For Artwork in Focus we explore individual artworks, critiquing their style and discussing their socio-political context. Today we look at Young Sailor II by Henri Matisse.
About the Work
Title : Young Sailor II
Artist : Henri Émile Benoît Matisse (Le Cateau-Cambrésis 1869–1954 Nice)
Year : 1906
Medium : Oil on canvas
Dimensions : 39 7/8 x 32 5/8 in. (101.3 x 82.9 cm)
Location : Metropolitan Museum of Art, Private collection
Who is the Young Sailor?
The title of the work says a lot about the work, and about the state of the mind of the artist when he undertook the painting. It is quite simply, ‘Young Sailor II’ ( the first version has softer edges and the colours are less vivid)
Painted at the height of his involvement with the Fauves, it is a brilliant capture of the youth and times of the young man. It is a snapshot of his simple, clear state of mind. The sitter was an eighteen-year-old fisherman, named Germain Augustin Barthélémy Montargès.
The candy pink background, Montargès is in his everyday wear – his fisherman’s garb: a navy blue cap, a pullover over a white undershirt and blue-and-pink striped jersey, baggy green pants, green-and-white checked socks, and sturdy, laced-up shoes with rubber soles. The softening of his face is deliberate and stands against the busy brush strokes of the deep blue sweater and the way his hands hang. The colouration and the expression, come together to make this painting one of Matisse’s most attractive portraits in the Fauvist manner. The clarity of his face, flattened against the canvas, is in contrast to the rest of his body. The painting has a strange allure, it captures the youth of the boy, in mid motion as it were.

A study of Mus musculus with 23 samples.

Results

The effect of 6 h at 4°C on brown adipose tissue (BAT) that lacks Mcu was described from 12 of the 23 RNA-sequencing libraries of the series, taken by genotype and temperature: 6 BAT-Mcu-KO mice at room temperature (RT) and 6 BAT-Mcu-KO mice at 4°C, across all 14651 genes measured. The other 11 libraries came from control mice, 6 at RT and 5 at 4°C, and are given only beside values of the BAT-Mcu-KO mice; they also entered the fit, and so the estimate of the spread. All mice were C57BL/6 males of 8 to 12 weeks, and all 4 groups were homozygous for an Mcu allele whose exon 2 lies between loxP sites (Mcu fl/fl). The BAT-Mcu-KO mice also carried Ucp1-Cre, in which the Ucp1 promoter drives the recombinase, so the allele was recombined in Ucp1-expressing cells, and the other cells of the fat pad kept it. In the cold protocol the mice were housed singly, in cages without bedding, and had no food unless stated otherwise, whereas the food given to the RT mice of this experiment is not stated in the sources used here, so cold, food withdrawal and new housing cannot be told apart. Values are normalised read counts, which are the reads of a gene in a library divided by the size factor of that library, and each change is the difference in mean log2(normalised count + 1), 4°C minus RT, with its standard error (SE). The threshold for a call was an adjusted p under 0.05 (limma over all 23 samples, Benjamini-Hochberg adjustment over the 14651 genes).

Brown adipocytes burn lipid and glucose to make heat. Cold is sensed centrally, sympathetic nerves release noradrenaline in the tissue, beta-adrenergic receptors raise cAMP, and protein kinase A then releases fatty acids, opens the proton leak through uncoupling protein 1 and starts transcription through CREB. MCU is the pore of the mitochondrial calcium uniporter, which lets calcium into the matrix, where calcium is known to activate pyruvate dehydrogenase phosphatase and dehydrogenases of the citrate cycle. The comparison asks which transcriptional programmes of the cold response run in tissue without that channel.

The Sailor’s face captured an expression of “almond-eyed charm verging on prettiness,” according to art historian Alfred H. Barr Jr.
Matisse had painted his ‘Young Sailor; in Collioure, a small Mediterranean village near the Spanish border. It was during Matisse’s “fauve summer.”
The first version of the painting is more figurative, while the second is held as more abstract and strategic. The painting was donated to the Metropolitan Museum of Art as part of the Jacques and Natasha Gelman Collection, in 1998.